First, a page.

Most Iran Air jets banned from Europe: EU
The EU banned most of Iran Air`s jets from flying to Europe due to safety concerns.
Brussels: The EU on Tuesday banned most of Iran Air`s jets from flying to Europe due to safety concerns, emphasizing that the move was not related to UN sanctions against Iran over its nuclear program.
The 27-nation bloc also relaxed restrictions on two airlines from Indonesia and put a Surinam airline on its blacklist of carriers the EU believes do not meet international safety standards.
The list of 278 airlines — mostly small operations from Africa and Asia — was established in 2006 and is updated regularly.
Transport Commission spokewoman Helen Kearns said Iran Air`s Boeing 727s and 747s, along with its Airbus 320s, have been placed on the EU blacklist following a safety audit.
But Kearns denied that the move, which affects two-thirds of Iran Air`s fleet, had anything to do with international sanctions.
"We deal purely with safety requirements," she said. "Our controls focus entirely on safety, nothing else."
Iran Air has had trouble properly maintaining its aging Boeing 747 and 727 jets purchased in the 1970s due to a 30-year-old US ban on spare parts.
Kearns said two more Indonesian carriers, Metro Batavia and Indonesia Air Asia, have been removed from the latest list of banned airlines, bringing to six the number of Indonesian airlines allowed to operate in Europe.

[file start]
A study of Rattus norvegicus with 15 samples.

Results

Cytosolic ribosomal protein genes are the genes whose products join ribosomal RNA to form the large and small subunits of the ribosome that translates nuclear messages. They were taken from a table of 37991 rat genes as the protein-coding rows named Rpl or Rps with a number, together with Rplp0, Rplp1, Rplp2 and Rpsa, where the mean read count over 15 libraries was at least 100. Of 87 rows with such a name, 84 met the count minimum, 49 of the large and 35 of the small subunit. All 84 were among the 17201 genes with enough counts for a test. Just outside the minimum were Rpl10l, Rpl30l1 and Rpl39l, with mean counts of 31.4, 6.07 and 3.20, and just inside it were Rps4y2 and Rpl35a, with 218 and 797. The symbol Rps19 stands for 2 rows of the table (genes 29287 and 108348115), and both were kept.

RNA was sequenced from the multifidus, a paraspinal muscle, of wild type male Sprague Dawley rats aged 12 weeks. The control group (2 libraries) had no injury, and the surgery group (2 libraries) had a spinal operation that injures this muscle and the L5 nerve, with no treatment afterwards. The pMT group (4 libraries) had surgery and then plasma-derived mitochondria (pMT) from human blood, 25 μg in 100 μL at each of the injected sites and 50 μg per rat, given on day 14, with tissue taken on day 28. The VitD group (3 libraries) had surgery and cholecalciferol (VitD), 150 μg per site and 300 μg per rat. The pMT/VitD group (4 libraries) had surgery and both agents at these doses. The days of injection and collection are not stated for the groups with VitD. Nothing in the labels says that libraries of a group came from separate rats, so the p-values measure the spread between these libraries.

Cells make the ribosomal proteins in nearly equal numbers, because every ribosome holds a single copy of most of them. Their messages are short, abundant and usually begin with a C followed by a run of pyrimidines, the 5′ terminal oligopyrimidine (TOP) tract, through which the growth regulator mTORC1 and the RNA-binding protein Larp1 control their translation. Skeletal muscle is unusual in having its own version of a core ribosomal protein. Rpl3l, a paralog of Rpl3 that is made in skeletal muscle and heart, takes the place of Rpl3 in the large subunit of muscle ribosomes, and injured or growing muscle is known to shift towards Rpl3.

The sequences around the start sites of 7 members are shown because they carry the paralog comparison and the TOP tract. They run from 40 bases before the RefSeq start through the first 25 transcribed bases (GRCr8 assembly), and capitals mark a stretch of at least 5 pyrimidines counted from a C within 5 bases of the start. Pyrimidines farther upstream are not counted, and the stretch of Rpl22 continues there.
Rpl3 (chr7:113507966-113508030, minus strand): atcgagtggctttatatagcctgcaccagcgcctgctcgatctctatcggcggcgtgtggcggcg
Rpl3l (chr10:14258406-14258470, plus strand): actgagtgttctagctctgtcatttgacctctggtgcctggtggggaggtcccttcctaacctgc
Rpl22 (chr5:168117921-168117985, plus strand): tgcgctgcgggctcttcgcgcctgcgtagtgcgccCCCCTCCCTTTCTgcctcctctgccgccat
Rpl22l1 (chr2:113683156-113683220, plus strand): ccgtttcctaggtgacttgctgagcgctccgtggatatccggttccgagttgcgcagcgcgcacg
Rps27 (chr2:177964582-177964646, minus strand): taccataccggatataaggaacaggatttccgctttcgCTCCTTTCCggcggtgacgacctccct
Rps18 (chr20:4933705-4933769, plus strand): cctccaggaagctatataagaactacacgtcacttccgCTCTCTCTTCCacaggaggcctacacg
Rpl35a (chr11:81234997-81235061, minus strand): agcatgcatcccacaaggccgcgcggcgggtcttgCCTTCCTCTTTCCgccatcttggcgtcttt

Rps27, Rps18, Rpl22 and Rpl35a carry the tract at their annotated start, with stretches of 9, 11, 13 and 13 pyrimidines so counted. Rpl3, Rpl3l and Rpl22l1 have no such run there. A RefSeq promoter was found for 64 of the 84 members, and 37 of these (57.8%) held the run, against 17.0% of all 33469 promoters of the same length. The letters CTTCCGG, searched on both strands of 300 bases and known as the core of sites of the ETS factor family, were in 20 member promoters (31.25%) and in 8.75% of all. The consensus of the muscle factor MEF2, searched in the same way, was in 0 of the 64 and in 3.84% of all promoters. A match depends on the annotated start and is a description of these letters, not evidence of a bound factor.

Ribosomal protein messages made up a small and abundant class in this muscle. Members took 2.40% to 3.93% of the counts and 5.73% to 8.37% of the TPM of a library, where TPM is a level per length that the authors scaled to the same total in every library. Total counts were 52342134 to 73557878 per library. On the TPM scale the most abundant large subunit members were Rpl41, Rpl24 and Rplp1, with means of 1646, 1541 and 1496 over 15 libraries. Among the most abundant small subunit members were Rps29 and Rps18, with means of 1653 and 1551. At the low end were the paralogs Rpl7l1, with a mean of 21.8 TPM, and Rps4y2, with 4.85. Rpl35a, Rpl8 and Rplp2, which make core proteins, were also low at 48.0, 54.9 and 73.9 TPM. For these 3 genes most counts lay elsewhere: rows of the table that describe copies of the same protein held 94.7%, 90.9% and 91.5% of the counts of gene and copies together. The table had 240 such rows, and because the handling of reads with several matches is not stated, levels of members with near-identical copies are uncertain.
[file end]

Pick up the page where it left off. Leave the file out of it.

Three years ago, after a spate of deadly crashes, all Indonesian airlines were excluded from European airspace.
Kearns said Surinam`s Blue Wings Airlines has also been placed on the revised blacklist. Although the airline does not fly to Europe, it has routes to the Dutch Antilles and French Guiana.
Critics of the list say most of the notorious African fly-by-night cargo outfits still on the EU list have long since been shut down. Many of the others involve air taxi services or small, specialized charter firms that work for mining, oil and gas and other natural resources companies, usually to transport employees to remote work sites.
The crash last month in Cameroon of a chartered plane carrying the entire board of an Australian mining company highlighted the lack of uniform safety standards among the multitude of small aviation operators serving the industry.